A local organisation has called on Eskom and the government to resolve the energy crisis asap.
News reports suggest a bleak outlook, with blackouts set to worsen this winter.
Apart from a devastating effect on the national economy, South Africa’s frequent blackouts are also putting lives at risk.
Last month, a patient’s ventilator stopped working when load shedding was implemented in his area. According to Vaalweekblad, Willie Muntingh’s family tried to put him on oxygen, but he rapidly went into a coma and was declared brain dead shortly afterwards.
The QuadPara Association of South Africa (QASA), an organisation focused on providing services and support to quadriplegics and paraplegics, is calling on the government to rethink its approach to the energy crisis, and stresses that heartbreaking deaths like that of Muntingh could have been avoided.
Load shedding puts the disabled at risk
Back in 2014, a young Kimberley couple blamed load shedding and a faulty electricity generator for the death of their premature baby boy, Die Burger reported. In 2015, power cuts allegedly led to the death of a 61-year-old man after Eskom implemented load shedding twice in one day. The man, from Bloemfontein, was dependent on oxygen machines and the family’s generator wasn’t able to keep them going, according to Beeld.
QASA explained that electricity is crucial for the operation of assistive devices used by people with disabilities – from charging an electric wheelchair to running a pressure-care mattress or ventilator. “Without it, people with disabilities remain stranded in their homes or beds and even battle for their lives, like Willie,” they said.
The power cuts take away their independence, but, more importantly, compromises their physical and mental health. Stressful situations arise when they are unable to collect their medication, see their doctor or visit their occupational or physical therapist. “Not to mention their inability to go to work or socialise with friends and family, which could lead to feeling isolated,” they added.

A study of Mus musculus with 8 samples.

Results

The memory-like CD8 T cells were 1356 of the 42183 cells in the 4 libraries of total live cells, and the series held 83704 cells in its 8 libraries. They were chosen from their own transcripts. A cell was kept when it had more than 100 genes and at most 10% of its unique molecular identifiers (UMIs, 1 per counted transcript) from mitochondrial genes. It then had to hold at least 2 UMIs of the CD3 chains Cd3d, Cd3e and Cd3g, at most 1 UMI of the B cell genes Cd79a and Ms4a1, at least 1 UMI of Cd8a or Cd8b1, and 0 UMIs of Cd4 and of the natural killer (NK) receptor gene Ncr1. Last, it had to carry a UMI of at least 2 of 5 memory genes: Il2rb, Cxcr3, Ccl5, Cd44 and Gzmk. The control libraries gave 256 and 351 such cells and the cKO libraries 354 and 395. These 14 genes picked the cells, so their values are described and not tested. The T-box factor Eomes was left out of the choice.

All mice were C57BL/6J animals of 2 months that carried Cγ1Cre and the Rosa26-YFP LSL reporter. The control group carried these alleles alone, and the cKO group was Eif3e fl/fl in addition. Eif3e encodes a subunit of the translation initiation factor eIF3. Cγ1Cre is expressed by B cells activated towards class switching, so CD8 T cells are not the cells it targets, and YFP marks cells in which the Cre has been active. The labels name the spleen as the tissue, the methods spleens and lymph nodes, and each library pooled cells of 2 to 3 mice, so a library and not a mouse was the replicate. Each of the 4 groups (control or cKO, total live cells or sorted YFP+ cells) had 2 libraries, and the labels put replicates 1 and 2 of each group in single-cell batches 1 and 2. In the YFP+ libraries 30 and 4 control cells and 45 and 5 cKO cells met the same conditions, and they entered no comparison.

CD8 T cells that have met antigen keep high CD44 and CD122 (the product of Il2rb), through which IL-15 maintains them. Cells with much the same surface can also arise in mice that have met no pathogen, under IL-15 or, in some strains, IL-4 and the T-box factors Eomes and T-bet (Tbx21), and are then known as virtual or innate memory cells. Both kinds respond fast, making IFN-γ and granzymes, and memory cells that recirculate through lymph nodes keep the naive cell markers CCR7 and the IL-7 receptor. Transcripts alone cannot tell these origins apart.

Power cuts expected to worsen
In May this year, Eskom CEO André de Ruyter warned of more rolling blackouts this winter, City Press reports, adding that the worst of three scenarios involves 295 days of load shedding in the 12 months from 1 April to 30 March 2023. In this period, South Africans can expect to have uninterrupted access to electricity on just two out of every 10 days.
QASA commented: “The schedule is changed multiple times a day, which could easily catch someone off guard, but also results in some having access to electricity for only a couple of hours a night. This might not be enough time to charge the various assistive devices needed on a daily basis.”
They further highlighted the point that substations take additional strain during load shedding. For example, some substations this month have experienced blown fuses, extending blackout for hours.
The organisation is urging Eskom, the government, and President Cyril Ramaphosa to rethink their approach to load shedding.
“Ideally, there would be no more burden placed on South Africans for a problem caused by the government’s lack of planning and poor management. In the meantime, we call on predictable, reasonable load shedding … It is no longer only our economy that suffers, but [also] our people,” they said.